As I was out driving late one night last week I saw that the Christmas tree on top of our big hill in Athens was still lit up, despite the fact the house on that property (which is decked-out lit for Christmastime each year) had finally seemed to turn its outlining lights off. I wanted to laugh and say "Take that, January! Christmas ain't over yet. Time to grab a peppermint mocha and listen to some more carols before the Griswolds put the rest of their lights in the attic." Yet in all seriousness it was a beautiful sight on a clear-sky night and seemed to subtly speak that the hope of Christmas remained no matter what the calendar or current circumstances said. It was a reminder to me, in a peculiar way, that dreams and passion - when they have lit a spark in us - do not die even though a season may change or circumstances become difficult or we get behind where we wanted to be. That may be really deep - but the truth of it burned in my heart that night.
Consider Christmas... It's a season of great joy and wonder, with opportunity to dream of a bright and exciting future. Yet it seems to be limited to a finite period of time due to our calendar and culture's standards (though the truths that it speaks of and sings of have been since the beginning of time and will remain forever to come). In the same way, the dreams or passions that have been instilled in our heart for the glory of God, celebration of life and benefit of others often take a back seat in our priorities - whether inevitably by circumstance, voluntarily by poor choices or unfairly sacrificially because we don't feel we have permission to pursue them. But they still remain, they still stay with us like embers of a campfire which have buried in the ash yet refuse to burn out. Even when we don't have the time or the resources to take the step we'd like to make next in our pursuit of these dreams - we have to be patient and realize they are still important, still truly miracles and vessels God can use for his glory and purpose.
There is a song by the group "For King and Country" that's called "To The Dreamers" and I love it. I would play that album in my car during all the early morning trips I took to the Smokies before the sun came up last fall. It reminded me that even though the pursuit of photography was quite a process, or required some dedication like multiple trips and late nights sorting/editing/posting, I needed to "keep on charging ahead". I felt the payoff came in some incredible shots I got, the initial success in my blogging/posting and some cool connections I made over photography while on the trail.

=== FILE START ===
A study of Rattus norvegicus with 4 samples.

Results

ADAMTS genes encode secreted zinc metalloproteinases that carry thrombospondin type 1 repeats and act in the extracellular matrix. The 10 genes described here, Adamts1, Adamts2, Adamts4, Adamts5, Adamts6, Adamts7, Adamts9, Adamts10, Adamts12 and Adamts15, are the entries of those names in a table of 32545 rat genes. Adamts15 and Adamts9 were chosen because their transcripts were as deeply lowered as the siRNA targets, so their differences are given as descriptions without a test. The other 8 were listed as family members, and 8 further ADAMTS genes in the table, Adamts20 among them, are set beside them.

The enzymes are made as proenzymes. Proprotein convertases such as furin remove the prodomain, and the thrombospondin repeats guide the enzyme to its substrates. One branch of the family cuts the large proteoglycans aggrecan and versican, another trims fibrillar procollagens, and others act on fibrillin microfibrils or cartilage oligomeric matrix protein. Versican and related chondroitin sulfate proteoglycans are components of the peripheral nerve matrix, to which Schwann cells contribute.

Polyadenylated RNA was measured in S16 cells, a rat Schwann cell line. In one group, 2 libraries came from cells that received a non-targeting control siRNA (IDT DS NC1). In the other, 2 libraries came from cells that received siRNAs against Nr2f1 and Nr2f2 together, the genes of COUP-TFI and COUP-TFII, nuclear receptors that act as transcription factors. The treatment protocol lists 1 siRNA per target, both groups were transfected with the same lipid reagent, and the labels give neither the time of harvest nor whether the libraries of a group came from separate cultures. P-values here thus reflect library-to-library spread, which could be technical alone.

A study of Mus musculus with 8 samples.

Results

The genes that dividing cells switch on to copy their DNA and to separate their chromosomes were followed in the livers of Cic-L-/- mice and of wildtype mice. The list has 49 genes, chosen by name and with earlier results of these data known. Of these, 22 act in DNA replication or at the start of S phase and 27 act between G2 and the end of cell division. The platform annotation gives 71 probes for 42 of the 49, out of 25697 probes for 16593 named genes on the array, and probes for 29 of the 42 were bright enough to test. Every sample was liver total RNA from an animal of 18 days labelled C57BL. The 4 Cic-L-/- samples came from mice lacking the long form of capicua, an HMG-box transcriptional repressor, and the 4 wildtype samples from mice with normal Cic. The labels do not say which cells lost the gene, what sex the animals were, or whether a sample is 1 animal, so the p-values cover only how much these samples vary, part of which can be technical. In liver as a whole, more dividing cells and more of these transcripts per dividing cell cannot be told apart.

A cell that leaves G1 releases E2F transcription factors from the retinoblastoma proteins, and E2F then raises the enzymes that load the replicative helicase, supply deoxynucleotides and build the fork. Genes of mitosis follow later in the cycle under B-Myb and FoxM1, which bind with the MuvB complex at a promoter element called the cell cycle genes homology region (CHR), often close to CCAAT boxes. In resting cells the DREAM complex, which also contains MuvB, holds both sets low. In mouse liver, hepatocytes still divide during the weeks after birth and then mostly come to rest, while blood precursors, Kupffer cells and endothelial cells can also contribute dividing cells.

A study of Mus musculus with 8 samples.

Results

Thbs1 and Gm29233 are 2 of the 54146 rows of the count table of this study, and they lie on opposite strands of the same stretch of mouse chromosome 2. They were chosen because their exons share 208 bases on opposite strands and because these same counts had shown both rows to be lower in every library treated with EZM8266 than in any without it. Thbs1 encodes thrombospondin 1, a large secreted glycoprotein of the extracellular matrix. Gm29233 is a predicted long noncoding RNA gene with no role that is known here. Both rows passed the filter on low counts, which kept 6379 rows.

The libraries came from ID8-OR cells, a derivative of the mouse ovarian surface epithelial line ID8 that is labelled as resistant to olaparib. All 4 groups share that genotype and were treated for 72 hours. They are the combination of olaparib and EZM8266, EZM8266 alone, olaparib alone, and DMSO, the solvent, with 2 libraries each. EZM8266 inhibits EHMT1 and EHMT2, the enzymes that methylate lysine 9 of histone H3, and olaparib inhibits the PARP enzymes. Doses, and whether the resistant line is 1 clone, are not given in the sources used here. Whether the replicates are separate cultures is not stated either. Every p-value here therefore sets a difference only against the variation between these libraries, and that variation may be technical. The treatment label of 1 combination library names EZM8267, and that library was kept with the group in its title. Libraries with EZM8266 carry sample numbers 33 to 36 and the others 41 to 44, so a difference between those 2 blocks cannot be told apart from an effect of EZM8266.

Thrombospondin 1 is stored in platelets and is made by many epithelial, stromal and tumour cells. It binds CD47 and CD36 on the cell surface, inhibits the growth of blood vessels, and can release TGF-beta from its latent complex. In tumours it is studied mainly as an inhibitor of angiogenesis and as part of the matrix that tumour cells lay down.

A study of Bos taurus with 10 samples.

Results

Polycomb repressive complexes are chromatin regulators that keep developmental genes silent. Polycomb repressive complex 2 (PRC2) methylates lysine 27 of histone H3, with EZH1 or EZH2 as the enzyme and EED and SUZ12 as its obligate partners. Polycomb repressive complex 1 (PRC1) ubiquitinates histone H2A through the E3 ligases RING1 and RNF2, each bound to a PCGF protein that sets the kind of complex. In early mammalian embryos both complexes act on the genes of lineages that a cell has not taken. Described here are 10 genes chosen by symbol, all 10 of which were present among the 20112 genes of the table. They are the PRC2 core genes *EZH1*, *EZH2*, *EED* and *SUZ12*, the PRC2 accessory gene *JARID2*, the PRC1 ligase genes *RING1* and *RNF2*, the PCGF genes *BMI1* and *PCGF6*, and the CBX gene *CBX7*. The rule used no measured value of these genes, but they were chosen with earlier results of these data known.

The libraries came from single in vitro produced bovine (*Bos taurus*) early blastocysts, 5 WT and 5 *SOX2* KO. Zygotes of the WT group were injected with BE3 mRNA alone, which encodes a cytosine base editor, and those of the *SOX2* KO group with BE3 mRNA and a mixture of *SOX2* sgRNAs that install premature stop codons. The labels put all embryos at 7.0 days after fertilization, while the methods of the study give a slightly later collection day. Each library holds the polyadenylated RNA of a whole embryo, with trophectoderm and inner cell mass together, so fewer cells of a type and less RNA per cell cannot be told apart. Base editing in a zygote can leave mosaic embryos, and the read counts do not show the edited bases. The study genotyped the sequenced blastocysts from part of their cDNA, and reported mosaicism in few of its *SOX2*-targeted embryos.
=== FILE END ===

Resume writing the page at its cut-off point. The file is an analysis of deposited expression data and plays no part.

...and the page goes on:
I feel I need to remember to "keep on charging ahead" right now. The past several months have brought the most incredible blessing I could ever imagine, as I found out that my wife and I would be expecting a little girl this June! I also had a variety of portrait opportunities and one wedding, so I got quite a bit of experience in on that end. Then a focus on enjoying and celebrating the holidays with my beautiful bride and my family and friends rounded out a great end to 2014. So I would by no means say I have had difficult circumstances hinder me from any direction I had hoped to go. But as my life is almost always busy with something (and I'm sure about to get more so!), I easily get to feeling behind. I found myself in that place during this month of January - after a few months have passed with no further advancement in my nature/landscape pursuits - wondering if I can really continue in such an endeavor. Wondering if I'm really meant for it, if I'm cut out to keep up with it, if it's really that important and if I really even know what I'm trying to do with it.
Have you ever felt you were in a similar place after attempting to pursue something that truly made you come alive? (Even if at a lesser or more intense degree than I just described?)
If so, take heart! Because this tree, it quietly reminded me up on that hill that "He who began a good work in you will carry it on until the day of Christ Jesus" (Philippians 1:6 niv). It's certainly not over yet. The embers can be fanned, and I'm looking forward to just that. I'm ready, no matter the pace at which it comes.
And while the flame grows brighter, I think I will enjoy at least one more peppermint mocha.